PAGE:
The head of the world's largest vaccine manufacturer agreed to rent a property in Mayfair for about 50,000 pounds ($69,000) a week, a record for the exclusive London neighborhood, according to two people with knowledge of the transaction.
Adar Poonawalla, chief executive officer at the Serum Institute of India Ltd., is leasing the home on one of the district's best roads from Polish billionaire Dominika Kulczyk, the people said, asking not to be identified as the deal is confidential.
The mansion is one of the largest residences in the neighborhood and measures about 25,000 square feet (2,322 square meters), the equivalent of about 24 average English homes. The property also comes with an adjoining guest house and backs onto one of Mayfair's "secret gardens," which are only accessible to residents.
A spokesperson for the Serum Institute declined to comment on behalf of Poonawalla. A spokesperson for Kulczyk declined to comment.
The deal will be a boost for the luxury homes market in central London, which has been hit by a combination of Brexit and the pandemic. Rents have fallen by 9.2% in the past five years in Mayfair, according to LonRes, a property data company.
There's been a "massive increase" in demand for staffing from wealthy clients renting properties in London and the English countryside because they are upscaling or want a home with a bigger garden, according to Elaine Braid, chief executive officer at Poppy Lane Placements, a boutique agency supplying staff to luxury private homes.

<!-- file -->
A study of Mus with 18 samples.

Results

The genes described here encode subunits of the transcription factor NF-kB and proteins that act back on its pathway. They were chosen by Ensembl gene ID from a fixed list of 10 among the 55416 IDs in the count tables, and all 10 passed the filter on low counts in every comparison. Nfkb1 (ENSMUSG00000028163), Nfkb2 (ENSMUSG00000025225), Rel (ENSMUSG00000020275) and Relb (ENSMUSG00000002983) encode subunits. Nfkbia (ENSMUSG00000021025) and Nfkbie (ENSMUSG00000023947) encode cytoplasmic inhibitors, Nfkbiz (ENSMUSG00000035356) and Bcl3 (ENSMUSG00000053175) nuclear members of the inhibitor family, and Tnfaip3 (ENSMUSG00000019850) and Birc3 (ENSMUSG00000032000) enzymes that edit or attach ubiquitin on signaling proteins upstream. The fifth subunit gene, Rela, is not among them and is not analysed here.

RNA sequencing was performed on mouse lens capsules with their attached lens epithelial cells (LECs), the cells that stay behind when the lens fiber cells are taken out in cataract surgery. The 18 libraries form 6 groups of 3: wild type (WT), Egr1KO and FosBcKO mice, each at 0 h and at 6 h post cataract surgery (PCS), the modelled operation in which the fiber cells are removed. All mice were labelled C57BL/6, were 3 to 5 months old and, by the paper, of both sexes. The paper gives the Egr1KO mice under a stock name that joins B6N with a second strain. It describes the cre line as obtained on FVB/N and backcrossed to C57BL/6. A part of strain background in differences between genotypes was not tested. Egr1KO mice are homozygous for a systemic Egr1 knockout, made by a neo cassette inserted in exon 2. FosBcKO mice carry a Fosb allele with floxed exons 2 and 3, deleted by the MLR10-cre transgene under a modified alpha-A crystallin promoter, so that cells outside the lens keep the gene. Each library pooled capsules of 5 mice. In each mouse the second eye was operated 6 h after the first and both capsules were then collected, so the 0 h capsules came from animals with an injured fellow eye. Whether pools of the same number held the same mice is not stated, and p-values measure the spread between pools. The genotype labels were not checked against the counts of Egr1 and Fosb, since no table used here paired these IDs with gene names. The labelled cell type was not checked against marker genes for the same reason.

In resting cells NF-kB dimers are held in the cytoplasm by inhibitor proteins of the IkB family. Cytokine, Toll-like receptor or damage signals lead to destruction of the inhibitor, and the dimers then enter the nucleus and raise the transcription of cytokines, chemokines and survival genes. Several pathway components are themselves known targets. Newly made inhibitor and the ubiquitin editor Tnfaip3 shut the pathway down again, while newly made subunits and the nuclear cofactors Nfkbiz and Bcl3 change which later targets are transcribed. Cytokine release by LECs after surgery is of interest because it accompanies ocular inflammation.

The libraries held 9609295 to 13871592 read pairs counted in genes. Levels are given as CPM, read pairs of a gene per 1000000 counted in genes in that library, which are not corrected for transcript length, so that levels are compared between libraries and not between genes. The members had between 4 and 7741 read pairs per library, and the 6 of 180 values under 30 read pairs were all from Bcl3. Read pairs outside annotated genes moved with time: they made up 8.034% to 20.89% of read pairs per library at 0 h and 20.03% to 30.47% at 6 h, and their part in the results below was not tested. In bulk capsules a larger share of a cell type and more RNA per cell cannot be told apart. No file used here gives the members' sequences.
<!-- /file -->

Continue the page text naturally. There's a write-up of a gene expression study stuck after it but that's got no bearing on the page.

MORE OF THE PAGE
Poonawalla, who is currently spearheading the production of millions of doses of AstraZeneca Plc's Covid-19 vaccine, has long had links to the U.K. and studied at London's University of Westminster. The businessman previously failed in a bid to buy the Grosvenor Hotel in Mayfair and turn part of it into a home.
Britain is "definitely a place I would want a second home," he told Bloomberg News in a 2016 interview.
Poonawalla is part of one of the world's richest families, which has a $15 billion fortune, the bulk of it derived from the vaccine maker, according to the Bloomberg Billionaires Index.
The stamp duty sales tax, which is higher for overseas purchasers and owners of multiple homes, may be deterring wealthy people from buying London properties, said Fred Scarlett, a director at luxury homes developer Clivedale London. An additional levy on buyers based abroad is being introduced next month.
"If you are buying a house on a two- to 10-year play, then a lot of overseas buyers will scratch their heads and think why am I paying all this tax, why not just rent?" he said.